Biglaw, In-House Counsel

Inside Straight: The Unfairness Of ‘Are You Sure?’

In Proof of an External World, G. E. Moore famously defended the concept of certainty: Moore could put his hand in front of his face and say (with certainty): “Here is a hand.”

Ludwig Wittgenstein disagreed. Wittgenstein was uncertain whether he knew — with certainty — that the hand in front of his face actually existed. The first sentence of Wittgenstein’s On Certainty reads: “If you do know that here is one hand, we’ll grant you all the rest.”

(Hah! You thought you came to Above the Law to read about bonuses and pictures of naked judges. It turns out that we’re epistemology through and through. But I digress.)

On three recent occasions, I’ve heard (or heard of) people asking, “Are you sure?”

I’m with Wittgenstein on this one: I can’t even tell you that “this is my hand,” for heaven’s sake; how dare you ask if I’m sure about a legal judgment?

The first “Are you sure?” did not arise in a legal context. A guy got off a subway, emerged from under ground, pulled out a map, and told the woman he was with: “We should walk this way.”

She asked, “Are you sure?”

Now look: The guy had a map in his hand; he had just emerged from under ground; and he was considering the situation. I have a creeping suspicion that he wasn’t sure; he was probably giving his best assessment of the situation.

Given that, I don’t think his companion was actually asking whether he was sure; she knew that he was uncertain. Rather, his companion was setting the guy up for a fall: Fifteen minutes from now, when this couple was lost in a bad part of town, she could blame him for having put them in this situation — because “I told you that this was the wrong way!”

Actually, she did no such thing. She didn’t affirmatively say: “No, north is wrong. I believe that we should walk south.” In fact, if her companion had proposed walking south, she still would have said, “Are you sure?” This had nothing to do with conflicting opinions; this was just positioning herself to complain.

Move into a legal context: One in-house lawyer says that we should take this action, or assume this risk, or try this case, or set this reserve. And another in-house lawyer says, “Are you sure?”

The first lawyer may not have been holding a map in his hands, but I guarantee you that he wasn’t sure. He was giving his best informed legal judgment and proposing a course of action. There’s no certainty in that world; you’re just doing the best you can do. If the second lawyer preferred to put his neck on the line, then the second lawyer should have said: “I disagree with you. We should not follow the course of action that you propose, but instead follow this other course of action that I propose.”

But that would put the second lawyer at risk: You could follow his advice, and he could be proven wrong. The second lawyer didn’t want to take that chance, so the second lawyer didn’t actually offer advice. Instead, he simply asked, “Are you sure?” Then, when things don’t work out well, the second lawyer can complain: “I told you that this was the wrong decision!”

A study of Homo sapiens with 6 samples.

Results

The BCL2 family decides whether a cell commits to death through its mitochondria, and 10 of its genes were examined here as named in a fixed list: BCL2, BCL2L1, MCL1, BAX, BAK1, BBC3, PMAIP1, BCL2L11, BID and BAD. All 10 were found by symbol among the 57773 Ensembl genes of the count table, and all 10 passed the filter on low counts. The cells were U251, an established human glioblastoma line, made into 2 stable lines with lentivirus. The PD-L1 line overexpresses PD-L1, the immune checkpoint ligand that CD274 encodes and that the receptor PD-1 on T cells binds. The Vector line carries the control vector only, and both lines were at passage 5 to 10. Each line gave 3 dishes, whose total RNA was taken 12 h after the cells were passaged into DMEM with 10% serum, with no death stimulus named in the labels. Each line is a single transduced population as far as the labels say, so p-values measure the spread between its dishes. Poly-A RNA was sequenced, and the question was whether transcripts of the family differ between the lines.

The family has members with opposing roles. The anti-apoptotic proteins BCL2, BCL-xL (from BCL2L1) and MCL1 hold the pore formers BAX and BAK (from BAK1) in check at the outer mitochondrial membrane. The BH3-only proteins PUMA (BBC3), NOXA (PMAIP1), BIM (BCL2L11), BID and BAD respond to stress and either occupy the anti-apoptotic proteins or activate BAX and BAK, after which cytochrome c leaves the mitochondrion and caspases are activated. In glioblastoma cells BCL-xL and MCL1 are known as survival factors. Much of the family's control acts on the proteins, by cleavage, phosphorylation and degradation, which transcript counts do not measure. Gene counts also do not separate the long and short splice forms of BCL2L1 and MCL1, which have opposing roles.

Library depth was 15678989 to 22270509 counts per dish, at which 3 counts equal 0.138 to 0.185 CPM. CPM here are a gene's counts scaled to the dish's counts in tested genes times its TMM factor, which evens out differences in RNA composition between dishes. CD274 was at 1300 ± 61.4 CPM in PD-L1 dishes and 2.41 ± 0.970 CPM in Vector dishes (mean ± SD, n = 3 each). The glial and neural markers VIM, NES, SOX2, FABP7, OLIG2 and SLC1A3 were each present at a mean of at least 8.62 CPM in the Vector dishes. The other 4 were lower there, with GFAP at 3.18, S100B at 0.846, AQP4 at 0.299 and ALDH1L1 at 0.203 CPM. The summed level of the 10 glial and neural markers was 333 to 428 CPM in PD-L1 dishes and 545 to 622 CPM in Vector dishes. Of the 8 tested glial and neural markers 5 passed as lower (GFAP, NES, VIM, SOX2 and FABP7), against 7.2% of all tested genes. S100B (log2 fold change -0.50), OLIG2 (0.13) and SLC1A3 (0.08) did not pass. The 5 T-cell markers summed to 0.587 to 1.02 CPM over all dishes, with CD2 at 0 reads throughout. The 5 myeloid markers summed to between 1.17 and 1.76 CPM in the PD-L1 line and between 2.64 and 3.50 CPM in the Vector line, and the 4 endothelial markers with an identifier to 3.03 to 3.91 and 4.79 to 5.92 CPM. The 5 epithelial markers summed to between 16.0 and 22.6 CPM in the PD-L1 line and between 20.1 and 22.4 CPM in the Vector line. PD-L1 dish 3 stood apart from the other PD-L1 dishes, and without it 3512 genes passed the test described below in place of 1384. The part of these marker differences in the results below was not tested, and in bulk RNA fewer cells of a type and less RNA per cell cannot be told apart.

Last example: Outside counsel recommends a course of action to a roomful of clients. In-house lawyer then asks, “Are you sure?”

That’s the same mock uncertainty all over again. This is legal advice; it’s not holding your hand in front of your face and struggling to deduce whether your hand exists. If you disagree with the advice, say so, and let us know what you think. But don’t just set your outside counsel up as the fall guy: “I told everyone he was wrong!”

If you need certainty about outside counsel’s advice, then hire a second outside law firm, shell out another $20K, and get a second opinion. And then hire a third law firm, and get a third opinion. And a fourth. And a fifth. And resurrect G. E. Moore and Ludwig Wittgenstein. Maybe you’ll find yourself some certainty.

But let’s not innocently ask, “Are you sure?”

If the legal question was a hard one, then the answer is uncertain.

That’s a proposition I know for sure.

Once I figure out whether this thing in front of my face is my hand, I’ll let you know about the rest.


Mark Herrmann is the Chief Counsel – Litigation and Global Chief Compliance Officer at Aon, the world’s leading provider of risk management services, insurance and reinsurance brokerage, and human capital and management consulting. He is the author of The Curmudgeon’s Guide to Practicing Law (affiliate link) and Inside Straight: Advice About Lawyering, In-House And Out, That Only The Internet Could Provide. You can reach him by email at inhouse@abovethelaw.com.